His Union for a Popular Movement (UMP) and its centrist allies took between 45.6 and 46.4 per cent of Sunday's vote, according to estimates at the close of polls for the 577 seat lower house National Assembly.
The UMP, which holds 359 seats in the outgoing assembly, and its allies were predicted to secure between 383 and 501 seats in the run-off next Sunday, according to the polling firms CSA, Ipsos and Sofres.
The main opposition Socialist Party (PS), in disarray following Royal's defeat, faced the prospect of another humiliating electoral blow as pollsters predicted it could lose up to half of its current 149 seats.
With around 39 per cent of the national vote, polls suggested the Socialists would return between 60 and 170 deputies to the new assembly.
Confident of another electoral triumph following the second round of voting on June 17, Sarkozy has promised a special parliamentary session in July to push through reforms including tougher sentencing rules, restrictions on immigration and more autonomy for universities.
The cabinet of Francois Fillon, the prime minister, unveiled on Thursday details of a $15bn master plan to "shock" the economy back to life, the first part of the president's reform drive.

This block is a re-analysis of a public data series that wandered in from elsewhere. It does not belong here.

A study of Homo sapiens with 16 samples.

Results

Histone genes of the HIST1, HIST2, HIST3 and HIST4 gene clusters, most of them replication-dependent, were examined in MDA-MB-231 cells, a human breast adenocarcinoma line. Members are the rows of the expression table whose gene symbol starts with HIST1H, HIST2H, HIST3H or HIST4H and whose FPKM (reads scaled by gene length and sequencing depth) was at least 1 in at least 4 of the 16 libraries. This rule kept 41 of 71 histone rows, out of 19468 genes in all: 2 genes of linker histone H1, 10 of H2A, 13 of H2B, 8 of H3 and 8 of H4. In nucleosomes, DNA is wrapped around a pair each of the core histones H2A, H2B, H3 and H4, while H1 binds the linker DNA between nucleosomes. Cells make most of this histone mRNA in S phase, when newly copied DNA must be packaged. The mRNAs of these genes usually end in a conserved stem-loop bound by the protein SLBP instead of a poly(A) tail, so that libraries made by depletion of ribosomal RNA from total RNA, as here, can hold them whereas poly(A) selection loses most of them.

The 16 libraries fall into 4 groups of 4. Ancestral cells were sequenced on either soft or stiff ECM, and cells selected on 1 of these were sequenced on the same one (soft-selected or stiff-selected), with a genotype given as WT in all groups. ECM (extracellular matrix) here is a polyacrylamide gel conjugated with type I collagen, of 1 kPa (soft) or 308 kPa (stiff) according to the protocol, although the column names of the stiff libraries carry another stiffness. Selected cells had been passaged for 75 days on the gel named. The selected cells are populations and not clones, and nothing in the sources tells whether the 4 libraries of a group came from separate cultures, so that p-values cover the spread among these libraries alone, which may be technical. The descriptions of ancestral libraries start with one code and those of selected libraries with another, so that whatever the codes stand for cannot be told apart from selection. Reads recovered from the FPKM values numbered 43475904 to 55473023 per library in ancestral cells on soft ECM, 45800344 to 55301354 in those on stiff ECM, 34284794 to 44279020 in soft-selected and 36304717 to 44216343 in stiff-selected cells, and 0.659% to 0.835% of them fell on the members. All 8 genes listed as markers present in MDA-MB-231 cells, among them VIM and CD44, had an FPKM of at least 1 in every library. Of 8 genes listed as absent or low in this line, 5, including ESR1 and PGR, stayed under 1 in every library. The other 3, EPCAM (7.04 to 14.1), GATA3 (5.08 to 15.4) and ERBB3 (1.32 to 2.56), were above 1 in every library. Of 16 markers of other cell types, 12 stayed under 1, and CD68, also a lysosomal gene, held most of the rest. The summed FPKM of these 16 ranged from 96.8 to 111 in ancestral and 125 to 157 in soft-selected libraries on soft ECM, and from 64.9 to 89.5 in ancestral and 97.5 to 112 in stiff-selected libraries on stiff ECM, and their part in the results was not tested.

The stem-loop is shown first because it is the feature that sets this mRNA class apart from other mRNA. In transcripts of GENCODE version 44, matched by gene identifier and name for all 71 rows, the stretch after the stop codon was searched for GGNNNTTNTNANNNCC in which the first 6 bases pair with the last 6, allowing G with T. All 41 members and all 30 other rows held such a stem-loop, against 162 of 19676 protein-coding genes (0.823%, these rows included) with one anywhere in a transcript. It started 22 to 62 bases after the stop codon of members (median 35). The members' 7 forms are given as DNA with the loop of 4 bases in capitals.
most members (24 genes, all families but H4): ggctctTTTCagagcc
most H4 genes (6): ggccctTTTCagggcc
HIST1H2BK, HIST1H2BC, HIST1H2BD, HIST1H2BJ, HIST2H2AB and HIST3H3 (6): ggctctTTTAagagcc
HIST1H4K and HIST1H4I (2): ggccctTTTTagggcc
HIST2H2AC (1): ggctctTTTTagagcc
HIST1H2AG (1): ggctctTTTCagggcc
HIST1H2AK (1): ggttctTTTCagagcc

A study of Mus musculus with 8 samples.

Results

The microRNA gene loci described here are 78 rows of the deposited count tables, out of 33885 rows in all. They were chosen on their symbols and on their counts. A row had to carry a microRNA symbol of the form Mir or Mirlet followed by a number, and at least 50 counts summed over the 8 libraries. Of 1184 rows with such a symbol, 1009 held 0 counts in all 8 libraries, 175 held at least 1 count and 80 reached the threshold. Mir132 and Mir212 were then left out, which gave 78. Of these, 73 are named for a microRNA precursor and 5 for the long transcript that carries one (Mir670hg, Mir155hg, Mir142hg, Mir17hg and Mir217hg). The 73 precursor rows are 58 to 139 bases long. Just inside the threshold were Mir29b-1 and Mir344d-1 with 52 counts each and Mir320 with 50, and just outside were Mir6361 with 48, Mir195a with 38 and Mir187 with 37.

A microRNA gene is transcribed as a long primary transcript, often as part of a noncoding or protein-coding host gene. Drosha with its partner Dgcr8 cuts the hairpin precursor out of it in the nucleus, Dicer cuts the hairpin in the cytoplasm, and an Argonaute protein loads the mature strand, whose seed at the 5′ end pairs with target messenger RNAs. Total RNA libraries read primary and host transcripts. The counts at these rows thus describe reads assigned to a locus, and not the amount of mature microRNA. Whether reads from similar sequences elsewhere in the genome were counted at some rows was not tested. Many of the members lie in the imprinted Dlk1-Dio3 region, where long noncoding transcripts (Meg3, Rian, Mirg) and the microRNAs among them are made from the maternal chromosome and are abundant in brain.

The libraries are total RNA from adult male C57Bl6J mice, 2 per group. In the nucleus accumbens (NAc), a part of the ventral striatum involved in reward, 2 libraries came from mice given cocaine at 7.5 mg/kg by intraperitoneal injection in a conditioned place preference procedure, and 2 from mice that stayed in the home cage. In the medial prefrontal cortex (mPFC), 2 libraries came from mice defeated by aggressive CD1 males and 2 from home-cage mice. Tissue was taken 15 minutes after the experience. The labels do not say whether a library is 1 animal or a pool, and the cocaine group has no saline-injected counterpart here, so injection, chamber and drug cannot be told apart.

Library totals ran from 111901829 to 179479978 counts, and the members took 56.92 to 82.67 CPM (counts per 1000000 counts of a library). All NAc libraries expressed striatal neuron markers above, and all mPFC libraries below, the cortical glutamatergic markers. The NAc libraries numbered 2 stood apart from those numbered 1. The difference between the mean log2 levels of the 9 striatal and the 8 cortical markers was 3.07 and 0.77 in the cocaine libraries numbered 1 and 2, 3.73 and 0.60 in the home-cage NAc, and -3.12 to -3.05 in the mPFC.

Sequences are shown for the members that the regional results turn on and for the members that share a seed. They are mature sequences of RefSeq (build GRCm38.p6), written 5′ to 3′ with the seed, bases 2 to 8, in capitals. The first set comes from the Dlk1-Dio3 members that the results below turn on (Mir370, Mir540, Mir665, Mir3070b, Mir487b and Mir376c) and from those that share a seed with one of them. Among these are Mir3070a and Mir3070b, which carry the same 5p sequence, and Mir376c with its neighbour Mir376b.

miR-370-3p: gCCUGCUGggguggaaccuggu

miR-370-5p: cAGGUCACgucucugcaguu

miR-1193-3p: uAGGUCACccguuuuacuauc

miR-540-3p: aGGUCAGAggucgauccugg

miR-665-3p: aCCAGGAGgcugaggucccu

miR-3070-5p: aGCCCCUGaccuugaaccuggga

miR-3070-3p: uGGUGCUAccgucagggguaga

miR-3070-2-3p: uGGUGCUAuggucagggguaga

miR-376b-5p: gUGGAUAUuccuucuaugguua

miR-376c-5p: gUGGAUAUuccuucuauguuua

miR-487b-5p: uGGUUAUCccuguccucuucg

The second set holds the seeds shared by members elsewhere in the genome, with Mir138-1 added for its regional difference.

|Sarkozy, with wife Cecilia, right, and Judith, his|
stepdaughter, at a Paris polling booth [AFP]
Suffering from voter fatigue and possibly distracted by fine weather and the French Open tennis final at Roland Garros, many people did not bother to cast their ballots in an election widely seen as a postcript to the presidential vote.
Turnout appeared headed for a record low of around 63 per cent - down from 84 per cent in the presidential vote last month.
Prospects were also bleak for the Communist party, which was predicted to lose many of its 21 seats.
The new centrist MoDem party founded by Francois Bayrou, the third-placed presidential candidate, was credited with seven per cent of the vote and was expected to win four seats at most.